There is enormous potential for Barry Reckord’s play White Witch. He is a celebrated Jamaican writer, and the piece returns to the London stage after a successful run at the Chelsea Theatre in 2015. The story in itself also catches my attention – “based on a true story, set around Rose Hall [….] White Witch is a tale of mysticism, love, cruelty and revenge, cast against the Atlantic slave trade.” Palmer (a slave owner played by Robert Maskell) brings his new wife Annie (Georgina Baillie) back to his plantation in Jamaica. Rumours of magic and witchcraft swirl around Annie, who finds no pleasure in sleeping with her husband and instead seeks it with the slaves who run his household. The premise sets up White Witch beautifully – and yet, sadly, my viewing of it leaves much to be desired.
To get the more technical points out of the way first, I find the many of the actors’ projection poor. Even though I am sat relatively near the stage, I can barely hear Baillie’s voice, and the continuous shouting of Maskell’s character means that his words slur together and I sometimes truly am not sure what he is saying. To add to this, though Baillie’s character Annie is the main protagonist, her acting is quite wooden. She employs a limited range of emotions and tones, and thus I find it hard to stay engaged when she speaks. This lies in direct contrast with the excellent Natasha Springer, who plays a maid called Chloe – she has incredible highs and lows, and soars from restrained to scenes of utter delirium, dancing and screaming around the set. Unfortunately for Baillie, Springer’s excellence as one of the more minor characters only serves to undercut her performance as the protagonist.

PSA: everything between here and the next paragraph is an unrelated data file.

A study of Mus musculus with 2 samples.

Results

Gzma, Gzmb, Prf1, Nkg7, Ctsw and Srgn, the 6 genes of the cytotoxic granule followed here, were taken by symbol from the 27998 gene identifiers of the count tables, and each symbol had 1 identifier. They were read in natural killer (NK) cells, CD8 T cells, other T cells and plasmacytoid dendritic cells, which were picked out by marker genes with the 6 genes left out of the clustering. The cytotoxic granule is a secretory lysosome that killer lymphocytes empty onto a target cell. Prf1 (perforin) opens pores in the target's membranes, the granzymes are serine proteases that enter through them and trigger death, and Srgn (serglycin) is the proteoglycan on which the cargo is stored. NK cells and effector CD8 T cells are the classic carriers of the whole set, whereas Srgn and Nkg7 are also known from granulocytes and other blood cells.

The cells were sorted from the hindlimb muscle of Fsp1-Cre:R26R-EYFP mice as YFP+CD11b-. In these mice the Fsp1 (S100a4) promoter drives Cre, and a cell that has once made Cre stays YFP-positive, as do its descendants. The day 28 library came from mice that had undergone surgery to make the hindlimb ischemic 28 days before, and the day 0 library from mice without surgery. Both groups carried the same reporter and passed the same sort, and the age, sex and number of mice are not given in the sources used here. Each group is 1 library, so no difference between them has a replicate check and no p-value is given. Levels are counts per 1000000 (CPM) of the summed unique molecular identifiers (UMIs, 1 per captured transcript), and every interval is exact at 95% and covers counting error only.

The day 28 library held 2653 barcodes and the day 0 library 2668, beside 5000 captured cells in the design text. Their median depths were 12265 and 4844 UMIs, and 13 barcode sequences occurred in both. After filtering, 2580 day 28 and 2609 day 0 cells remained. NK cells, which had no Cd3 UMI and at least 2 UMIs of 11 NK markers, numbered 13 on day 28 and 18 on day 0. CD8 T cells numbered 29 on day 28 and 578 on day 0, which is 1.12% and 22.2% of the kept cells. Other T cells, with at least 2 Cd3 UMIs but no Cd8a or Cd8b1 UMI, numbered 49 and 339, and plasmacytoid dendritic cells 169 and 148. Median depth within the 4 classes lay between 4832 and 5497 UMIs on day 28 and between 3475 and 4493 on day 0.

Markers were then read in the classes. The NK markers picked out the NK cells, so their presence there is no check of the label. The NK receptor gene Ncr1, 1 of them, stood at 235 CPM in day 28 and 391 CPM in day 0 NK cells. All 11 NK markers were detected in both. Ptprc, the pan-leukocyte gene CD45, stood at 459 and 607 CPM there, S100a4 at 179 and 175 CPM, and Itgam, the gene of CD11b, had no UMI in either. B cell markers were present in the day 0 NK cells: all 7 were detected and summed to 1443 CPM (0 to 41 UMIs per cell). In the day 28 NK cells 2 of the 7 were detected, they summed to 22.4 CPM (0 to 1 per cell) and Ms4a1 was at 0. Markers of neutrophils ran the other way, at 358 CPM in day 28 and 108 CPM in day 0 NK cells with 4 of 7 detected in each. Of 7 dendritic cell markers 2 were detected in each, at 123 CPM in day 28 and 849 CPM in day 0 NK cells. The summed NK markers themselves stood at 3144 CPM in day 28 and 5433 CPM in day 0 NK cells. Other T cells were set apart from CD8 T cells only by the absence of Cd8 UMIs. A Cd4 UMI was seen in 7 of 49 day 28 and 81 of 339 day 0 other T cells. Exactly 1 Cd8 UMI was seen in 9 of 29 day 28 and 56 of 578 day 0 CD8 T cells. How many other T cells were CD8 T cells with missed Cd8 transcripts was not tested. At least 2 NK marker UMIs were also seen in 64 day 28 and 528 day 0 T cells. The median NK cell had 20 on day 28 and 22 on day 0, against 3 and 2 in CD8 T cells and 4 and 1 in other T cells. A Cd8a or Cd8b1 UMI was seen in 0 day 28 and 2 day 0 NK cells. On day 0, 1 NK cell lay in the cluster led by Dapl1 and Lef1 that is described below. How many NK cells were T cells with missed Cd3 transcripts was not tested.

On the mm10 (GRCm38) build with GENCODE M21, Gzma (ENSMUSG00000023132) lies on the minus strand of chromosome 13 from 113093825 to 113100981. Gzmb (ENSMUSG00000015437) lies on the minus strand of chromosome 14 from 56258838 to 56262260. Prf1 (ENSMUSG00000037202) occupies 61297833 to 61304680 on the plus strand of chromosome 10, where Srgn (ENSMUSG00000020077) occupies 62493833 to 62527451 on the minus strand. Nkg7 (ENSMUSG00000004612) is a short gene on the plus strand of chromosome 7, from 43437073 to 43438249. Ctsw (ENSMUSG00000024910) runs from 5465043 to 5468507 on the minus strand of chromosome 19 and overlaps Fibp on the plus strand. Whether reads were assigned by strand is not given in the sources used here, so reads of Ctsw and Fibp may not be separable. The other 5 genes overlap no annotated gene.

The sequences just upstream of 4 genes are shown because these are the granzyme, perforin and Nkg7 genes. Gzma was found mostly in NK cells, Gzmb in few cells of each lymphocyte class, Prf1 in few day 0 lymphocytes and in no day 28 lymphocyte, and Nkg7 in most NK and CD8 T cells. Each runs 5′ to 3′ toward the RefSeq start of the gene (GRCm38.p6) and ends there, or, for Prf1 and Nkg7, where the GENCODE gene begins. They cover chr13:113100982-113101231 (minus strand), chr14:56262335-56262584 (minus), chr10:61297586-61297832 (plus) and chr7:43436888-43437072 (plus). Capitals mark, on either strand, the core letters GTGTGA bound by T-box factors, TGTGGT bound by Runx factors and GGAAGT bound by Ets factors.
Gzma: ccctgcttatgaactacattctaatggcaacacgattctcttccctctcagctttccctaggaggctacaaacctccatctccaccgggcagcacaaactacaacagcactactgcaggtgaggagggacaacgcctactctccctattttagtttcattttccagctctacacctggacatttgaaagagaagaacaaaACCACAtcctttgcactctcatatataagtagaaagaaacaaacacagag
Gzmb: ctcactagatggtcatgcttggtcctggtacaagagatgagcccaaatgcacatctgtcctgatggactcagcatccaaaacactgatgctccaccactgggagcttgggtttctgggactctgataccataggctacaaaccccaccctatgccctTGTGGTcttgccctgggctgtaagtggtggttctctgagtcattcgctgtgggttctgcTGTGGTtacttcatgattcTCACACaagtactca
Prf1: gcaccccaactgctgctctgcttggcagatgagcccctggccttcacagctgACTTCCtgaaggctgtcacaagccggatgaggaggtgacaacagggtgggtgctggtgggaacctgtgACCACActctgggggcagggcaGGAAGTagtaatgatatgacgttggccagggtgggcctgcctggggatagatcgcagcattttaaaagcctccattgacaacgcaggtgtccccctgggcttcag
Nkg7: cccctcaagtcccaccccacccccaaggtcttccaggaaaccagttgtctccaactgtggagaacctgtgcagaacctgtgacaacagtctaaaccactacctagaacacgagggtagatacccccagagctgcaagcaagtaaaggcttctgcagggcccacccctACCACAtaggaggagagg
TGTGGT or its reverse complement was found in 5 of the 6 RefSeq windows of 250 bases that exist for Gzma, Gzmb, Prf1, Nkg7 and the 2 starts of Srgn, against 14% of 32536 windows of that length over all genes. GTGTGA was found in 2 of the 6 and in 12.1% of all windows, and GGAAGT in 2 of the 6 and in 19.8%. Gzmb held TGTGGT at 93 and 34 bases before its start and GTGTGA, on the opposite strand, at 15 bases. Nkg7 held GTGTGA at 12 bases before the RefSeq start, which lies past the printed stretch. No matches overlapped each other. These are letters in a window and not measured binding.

The production and staging is also disappointing. Often the scenes are chaotic and messy, with characters slamming in and out of doors at random. Some scenes end too abruptly and I am left wondering what has just happened. By the end of the play, I feel genuinely lost – not only because the plot moves too quickly (somehow alongside dragging dialogue), but also because many of the actors speak so quickly I cannot understand. The final revelation of the play, which I think is supposed to be an exciting twist, means nothing to me, as I truly do not know what is happening and do not feel invested in any of the characters onstage.
I understand I have been harsh on White Witch, but I think this stems from my disappointment at missed potential.There are fascinating themes here surrounding relevant topics such as abortion and race, and there are many bright moments where I laugh and gasp thanks to the acting of Springer, Okon Jones, Judith Jacob, Charles Tomlin and Nathan Thomas. I only wish these actors and their characters had more time to shine. For me, having the plotline centred around Palmer’s wife Annie, the white witch (Baillie), means that the storylines of the marginalised are undersold. I want to know more about the slaves in this play, I want to hear more about their points of view. Instead, we get too many dialogues from Baillie, which I cannot really hear, and which also sometimes creep dangerously into a tale of white saviour complex.
White Witch has the roots of an important play: its themes of abortion and race in the 18th century become more relevant by the day; some parts of the plot shine; and several actors are wonderful. However, in its execution, it really misses the mark.
White Witch is playing the Bloomsbury Theatre until 18 September 2021. For more information and tickets, see the UCL Culture website.